Despite global efforts in fighting drug trafficking, transnational organized crime and acts of terrorism, such crimes continue to take place in the airports. In this context, the Airport Communication Project (AIRCOP) aims to enhance the capacity of international airports in the detection and interdiction of illicit trafficking and suspicious passengers in origin, transit and destination countries.
With a view to showcasing the results of responses undertaken by the international community, a special event on AIRCOP was held last week in Vienna, at the 26th Session of the Commission on Crime Prevention and Criminal Justice.
Speaking at the event, Amado Philip de Andrés, UNODC Regional Representative for Central America and the Caribbean, said: “So far, 2,426 law enforcement officers have been trained, and 19 inter-service Joint Airport Interdiction Task Forces (JAITFs), composed of officials from different law enforcement agencies, including police, customs, immigration, gendarmerie and airport authorities, were established and mentored.”
Since its implementation, AIRCOP has expanded to 33 countries in Africa, Latin America, the Caribbean and the Middle East. From 2011 to date, 1,130 people have been arrested, and over 1,000 seizures made, including 3.1 tons of cocaine, 1.4 tons of cannabis, 2 tons of counterfeit medicine, 541 kg of ivory and US$ 6.5 million.
Also speaking, Pierre Lapaque, UNODC Regional Representative for West and Central Africa, stressed that illicit goods and high-risk passengers may transit several times before eventually reaching their final destination, and law enforcement agencies may receive key information in the process. As the culture of intelligence gathering and information sharing is not yet rooted in regular working networks, AIRCOP’s collaborative approach and linking source are needed, he underlined.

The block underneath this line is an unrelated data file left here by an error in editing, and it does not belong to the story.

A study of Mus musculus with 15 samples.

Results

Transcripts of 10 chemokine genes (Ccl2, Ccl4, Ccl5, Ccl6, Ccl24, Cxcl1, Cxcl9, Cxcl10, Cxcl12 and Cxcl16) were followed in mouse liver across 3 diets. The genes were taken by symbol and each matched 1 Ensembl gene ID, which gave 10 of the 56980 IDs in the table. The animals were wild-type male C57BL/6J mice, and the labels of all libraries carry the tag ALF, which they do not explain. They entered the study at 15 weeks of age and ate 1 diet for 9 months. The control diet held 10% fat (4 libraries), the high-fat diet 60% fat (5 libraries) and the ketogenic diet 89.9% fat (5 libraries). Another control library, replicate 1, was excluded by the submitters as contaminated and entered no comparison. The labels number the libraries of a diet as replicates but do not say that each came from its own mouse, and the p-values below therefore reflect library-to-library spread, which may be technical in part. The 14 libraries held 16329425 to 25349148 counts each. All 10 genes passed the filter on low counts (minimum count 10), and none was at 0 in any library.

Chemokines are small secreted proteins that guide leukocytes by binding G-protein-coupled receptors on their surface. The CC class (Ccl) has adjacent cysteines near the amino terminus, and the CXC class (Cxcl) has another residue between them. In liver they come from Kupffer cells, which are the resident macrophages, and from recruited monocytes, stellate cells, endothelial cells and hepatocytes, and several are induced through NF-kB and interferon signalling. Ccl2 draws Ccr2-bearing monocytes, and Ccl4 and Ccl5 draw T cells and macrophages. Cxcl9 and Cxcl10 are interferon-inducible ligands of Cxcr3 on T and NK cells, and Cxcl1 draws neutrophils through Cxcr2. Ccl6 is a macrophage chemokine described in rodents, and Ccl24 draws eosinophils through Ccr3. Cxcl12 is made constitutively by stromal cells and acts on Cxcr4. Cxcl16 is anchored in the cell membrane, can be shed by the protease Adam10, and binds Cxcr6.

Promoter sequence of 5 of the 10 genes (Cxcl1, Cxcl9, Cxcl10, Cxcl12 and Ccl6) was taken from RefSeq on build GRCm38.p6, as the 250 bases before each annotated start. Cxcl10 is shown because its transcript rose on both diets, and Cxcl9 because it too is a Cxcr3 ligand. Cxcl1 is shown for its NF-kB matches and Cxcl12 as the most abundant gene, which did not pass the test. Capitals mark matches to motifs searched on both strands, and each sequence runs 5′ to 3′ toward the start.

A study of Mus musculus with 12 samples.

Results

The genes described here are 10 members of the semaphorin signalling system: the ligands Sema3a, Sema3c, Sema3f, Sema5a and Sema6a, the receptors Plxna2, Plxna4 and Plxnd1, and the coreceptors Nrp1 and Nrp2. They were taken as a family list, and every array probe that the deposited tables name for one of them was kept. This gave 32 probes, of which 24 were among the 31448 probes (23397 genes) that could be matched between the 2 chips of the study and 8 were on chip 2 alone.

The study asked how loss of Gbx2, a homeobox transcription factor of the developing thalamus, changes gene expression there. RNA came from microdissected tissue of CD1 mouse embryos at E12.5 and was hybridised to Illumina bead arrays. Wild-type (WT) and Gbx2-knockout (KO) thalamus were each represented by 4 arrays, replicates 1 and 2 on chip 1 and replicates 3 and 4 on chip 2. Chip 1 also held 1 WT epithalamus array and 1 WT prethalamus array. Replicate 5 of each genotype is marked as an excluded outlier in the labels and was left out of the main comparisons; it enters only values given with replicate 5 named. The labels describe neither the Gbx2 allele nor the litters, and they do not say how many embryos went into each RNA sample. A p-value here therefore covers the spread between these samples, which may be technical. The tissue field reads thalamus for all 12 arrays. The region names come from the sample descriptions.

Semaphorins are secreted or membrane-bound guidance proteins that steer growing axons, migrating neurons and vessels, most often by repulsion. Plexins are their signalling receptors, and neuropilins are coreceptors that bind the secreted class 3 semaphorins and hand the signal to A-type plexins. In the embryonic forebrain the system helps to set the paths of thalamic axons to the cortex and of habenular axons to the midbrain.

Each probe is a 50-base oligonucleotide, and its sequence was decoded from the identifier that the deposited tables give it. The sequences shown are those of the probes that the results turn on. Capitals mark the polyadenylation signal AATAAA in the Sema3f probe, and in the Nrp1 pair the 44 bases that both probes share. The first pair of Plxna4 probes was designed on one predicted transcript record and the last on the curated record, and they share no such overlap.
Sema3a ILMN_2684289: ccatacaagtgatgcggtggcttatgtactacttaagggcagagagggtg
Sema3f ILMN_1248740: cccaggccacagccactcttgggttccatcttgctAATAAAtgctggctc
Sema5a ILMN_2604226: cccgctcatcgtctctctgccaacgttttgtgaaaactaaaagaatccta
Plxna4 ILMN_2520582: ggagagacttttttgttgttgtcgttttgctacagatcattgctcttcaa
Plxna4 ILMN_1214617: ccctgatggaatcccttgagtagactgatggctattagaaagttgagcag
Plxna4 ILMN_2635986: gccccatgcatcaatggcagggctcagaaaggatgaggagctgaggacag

Pointing to the successes, Mr. Lapaque said they are the outcomes of targeted capacity building, training, and mentoring programmes; joint operations; the provision of operational tools such as INTERPOL’s I-24/7and WCO’s Customs Enforcement Network Communication Platform; and the commitment of national law enforcement officers.
Success Stories – Togo and Dominican Republic
Since its establishment in July 2012, the JAITF in Lomé, Togo has seized, both on passengers and in cargo, over 100 kg of cocaine, 14 kg of heroin, 145 kilos of khat, 600 kg of fraudulent medicines, over 2 tons of undeclared cigarettes, a dozen of fake and stolen passports, as well as ivory. The task force also conducts a routine risk analysis, and sends real-time intelligence to law enforcement agencies in final destination airports, while suspicious passengers are often already on board. This has resulted in the seizure of over 150 kilos of cocaine across Africa and Asia.
Similarly, in the Dominican Republic, the two established JAITFs have intercepted 320 kg of cocaine, 12 kg of heroin, 1 kg of cannabis, as well as 40 fraudulent documents and USD 850,000 in cash, resulting in 122 seizures and 105 arrests, including three persons with links to terrorism who were in transit in Punta Cana heading to Europe.
Building on its success in Africa, Latin America and the Caribbean, AIRCOP has also been introduced in the Middle East and North Africa a few months ago. Such a step aims at strengthening the capacity of selected airports to detect and intercept suspicious passengers, including foreign terrorist fighters, fraudulent document users and smuggled migrants, as well as to interdict trafficking of illicit goods.